For that reason, producers need to put a large focus on proper screen media maintenance, including selection, installation, preventative maintenance and storage. Best practices result in fewer changeouts, less unplanned downtime, higher quality product and a more efficient operation.
Work with a screen media manufacturer to figure out what media is the best fit for each area of the screen deck. In some cases, a heavy-duty option may be necessary to take the punch at the feed end, followed by something durable but with more open area.
However, in many applications, high-vibration wire screens are suitable for the entire deck. A producer could choose higher gauge or double wire screens for high tonnages at the feed end and increase open area for the rest of the deck to boost stratification. Sometimes referred to as self-cleaning screen media, this media can be especially beneficial in an application with a lot of fines and clay deposits or where an operation has had difficulty with contaminated piles caused by too much organic material. The high-vibration qualities also tend to go far in solving issues with blinding and pegging.
While specifics vary depending on the type of media, there are a few overall best practices for screen media installation. To start, clean and check the condition of components that touch the screen, make sure that the screen panel matches what was ordered, and install the screen based on instructions from the manufacturer for that particular type.
Consider looking into screen media installation and maintenance training seminars to prolong screen life. Manufacturers often offer the service either through site visits or via a nearby dealer. The benefit will be a crew with shared knowledge of proper installation that could be worth thousands in unexpected downtime prevention.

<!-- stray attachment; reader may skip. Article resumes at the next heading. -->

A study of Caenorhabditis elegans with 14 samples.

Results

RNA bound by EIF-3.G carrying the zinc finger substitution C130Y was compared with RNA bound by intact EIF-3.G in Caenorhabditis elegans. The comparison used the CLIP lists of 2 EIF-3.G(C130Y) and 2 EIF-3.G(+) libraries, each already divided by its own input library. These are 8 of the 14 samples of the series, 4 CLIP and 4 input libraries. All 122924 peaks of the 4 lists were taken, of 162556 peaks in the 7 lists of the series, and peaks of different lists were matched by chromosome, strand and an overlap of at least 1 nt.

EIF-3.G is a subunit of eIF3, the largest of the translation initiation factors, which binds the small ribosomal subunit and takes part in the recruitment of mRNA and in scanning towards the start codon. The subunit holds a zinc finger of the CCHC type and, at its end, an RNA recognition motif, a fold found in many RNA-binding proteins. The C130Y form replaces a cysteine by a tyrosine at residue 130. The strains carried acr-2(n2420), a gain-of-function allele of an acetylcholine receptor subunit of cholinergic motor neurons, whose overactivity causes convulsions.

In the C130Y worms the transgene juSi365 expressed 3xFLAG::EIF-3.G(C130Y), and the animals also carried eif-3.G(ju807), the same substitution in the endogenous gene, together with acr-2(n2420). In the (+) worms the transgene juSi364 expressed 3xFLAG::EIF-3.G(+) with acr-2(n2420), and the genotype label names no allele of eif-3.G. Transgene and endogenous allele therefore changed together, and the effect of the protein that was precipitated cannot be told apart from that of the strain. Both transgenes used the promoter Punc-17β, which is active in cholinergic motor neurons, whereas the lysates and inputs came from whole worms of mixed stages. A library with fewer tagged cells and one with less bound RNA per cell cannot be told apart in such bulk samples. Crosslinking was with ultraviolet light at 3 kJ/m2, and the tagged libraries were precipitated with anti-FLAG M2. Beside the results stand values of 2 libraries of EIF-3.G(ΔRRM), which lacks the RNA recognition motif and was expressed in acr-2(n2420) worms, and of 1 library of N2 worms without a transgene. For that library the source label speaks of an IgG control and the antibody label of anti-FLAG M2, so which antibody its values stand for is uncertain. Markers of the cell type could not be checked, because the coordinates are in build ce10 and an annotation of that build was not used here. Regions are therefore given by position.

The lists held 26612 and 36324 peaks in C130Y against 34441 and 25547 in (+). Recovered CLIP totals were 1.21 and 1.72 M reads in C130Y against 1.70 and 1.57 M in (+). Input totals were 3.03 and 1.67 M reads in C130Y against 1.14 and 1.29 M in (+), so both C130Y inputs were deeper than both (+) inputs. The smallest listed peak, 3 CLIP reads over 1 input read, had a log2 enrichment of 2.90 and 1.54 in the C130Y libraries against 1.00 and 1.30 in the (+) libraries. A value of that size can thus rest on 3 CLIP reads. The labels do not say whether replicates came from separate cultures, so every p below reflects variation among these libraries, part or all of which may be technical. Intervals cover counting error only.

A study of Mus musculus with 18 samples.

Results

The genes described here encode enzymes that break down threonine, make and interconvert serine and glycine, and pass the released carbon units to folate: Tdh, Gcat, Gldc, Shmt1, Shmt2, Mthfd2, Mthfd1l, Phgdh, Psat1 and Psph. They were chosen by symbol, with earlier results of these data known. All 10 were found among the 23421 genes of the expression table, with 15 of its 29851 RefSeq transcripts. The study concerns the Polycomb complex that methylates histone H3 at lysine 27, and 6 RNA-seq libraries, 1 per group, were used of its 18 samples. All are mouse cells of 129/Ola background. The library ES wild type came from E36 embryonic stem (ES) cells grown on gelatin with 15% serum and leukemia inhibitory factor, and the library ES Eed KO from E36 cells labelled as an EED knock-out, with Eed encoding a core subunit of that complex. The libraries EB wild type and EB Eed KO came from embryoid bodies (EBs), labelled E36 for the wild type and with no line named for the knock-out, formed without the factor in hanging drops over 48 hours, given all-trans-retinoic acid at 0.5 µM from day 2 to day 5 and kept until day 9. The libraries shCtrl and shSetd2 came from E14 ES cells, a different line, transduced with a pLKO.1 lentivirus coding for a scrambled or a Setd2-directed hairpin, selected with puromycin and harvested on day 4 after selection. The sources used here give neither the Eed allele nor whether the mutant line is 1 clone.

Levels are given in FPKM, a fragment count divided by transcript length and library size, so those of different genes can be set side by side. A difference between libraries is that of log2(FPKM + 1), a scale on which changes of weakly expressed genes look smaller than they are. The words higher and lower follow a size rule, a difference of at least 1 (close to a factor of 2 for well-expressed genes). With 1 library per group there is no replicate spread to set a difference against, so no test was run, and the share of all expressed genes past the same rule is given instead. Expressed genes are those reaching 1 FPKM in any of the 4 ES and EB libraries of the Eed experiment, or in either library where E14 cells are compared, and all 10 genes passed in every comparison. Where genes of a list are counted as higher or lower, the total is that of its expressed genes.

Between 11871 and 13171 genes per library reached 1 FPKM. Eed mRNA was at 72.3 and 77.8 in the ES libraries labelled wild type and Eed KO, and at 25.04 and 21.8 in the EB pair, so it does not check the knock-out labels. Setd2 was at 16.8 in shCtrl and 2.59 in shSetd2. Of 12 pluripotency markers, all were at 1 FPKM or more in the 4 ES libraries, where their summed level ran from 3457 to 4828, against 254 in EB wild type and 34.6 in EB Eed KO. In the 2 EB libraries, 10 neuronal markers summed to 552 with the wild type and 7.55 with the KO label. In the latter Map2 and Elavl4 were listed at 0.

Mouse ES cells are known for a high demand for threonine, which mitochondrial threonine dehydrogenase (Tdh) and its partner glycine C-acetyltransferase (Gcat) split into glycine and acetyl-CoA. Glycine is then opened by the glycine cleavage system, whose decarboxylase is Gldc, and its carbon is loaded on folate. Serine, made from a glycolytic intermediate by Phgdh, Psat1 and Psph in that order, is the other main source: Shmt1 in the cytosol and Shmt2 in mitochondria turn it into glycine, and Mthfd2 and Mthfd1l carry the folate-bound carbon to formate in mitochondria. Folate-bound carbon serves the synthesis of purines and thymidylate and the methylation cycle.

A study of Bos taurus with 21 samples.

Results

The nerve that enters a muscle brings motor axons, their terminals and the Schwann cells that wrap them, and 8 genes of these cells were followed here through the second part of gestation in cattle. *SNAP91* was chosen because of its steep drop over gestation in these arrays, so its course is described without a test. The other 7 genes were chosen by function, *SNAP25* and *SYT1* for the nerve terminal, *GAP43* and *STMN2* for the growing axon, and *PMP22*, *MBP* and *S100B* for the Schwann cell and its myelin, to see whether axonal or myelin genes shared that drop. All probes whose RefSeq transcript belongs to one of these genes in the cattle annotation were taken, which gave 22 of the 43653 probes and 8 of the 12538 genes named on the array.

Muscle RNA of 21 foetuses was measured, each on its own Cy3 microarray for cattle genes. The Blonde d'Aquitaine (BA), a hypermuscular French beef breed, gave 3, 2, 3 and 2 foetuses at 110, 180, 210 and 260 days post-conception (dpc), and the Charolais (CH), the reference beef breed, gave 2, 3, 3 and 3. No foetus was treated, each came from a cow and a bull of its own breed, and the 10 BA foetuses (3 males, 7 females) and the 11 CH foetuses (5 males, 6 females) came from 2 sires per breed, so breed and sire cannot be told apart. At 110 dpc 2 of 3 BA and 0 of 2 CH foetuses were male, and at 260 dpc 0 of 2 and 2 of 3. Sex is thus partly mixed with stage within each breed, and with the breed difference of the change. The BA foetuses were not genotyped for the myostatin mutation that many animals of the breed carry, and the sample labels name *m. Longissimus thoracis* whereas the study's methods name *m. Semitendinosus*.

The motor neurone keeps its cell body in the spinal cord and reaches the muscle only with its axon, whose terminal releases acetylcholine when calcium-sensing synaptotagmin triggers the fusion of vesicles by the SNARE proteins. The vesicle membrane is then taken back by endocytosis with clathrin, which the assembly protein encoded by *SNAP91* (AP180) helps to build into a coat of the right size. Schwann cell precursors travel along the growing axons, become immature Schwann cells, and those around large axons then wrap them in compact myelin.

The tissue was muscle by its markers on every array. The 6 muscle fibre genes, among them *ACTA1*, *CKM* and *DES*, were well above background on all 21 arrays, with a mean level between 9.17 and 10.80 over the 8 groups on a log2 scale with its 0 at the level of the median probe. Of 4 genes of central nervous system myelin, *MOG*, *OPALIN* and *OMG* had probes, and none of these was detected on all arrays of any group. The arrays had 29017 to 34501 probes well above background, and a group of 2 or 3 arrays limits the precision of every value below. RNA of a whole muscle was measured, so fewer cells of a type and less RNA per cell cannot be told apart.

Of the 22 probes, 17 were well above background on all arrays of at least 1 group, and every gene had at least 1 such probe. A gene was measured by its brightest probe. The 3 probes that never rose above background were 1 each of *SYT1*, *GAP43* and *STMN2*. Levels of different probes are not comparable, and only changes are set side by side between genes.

While checking tension, also look at the clamp bars themselves. Check for wear, corrosion or cracks, and examine the rail for straightness, which is necessary for even tension. Examine all nuts and bolts and replace any that are worn, stripped, or corroded. Shaker bolt threads with excess build-up can be cleaned by running them across a wire wheel. Also, replace clamp bars that are thin or caving in to greatly improve screen media wear life and be sure to choose OEM versions for proper operation.
Screen box diagnostics systems can help prolong media life and improve screening by checking and monitoring a machine’s health. Use a vibration analysis system to inspect the machine for balance and excessive vibration, which can lead to screen media failure or unintended machine wear. Vibration analysis systems are becoming easier to use. Some of the newest include only a single sensor, no wires and work quickly with a smartphone.
When it’s time to remove and replace the screen media, pull off the bar rail or crown liners and inspect the steel bar rails for wear or warping. Best practice is to replace the bar rail liners during each change-out for longer screen media life.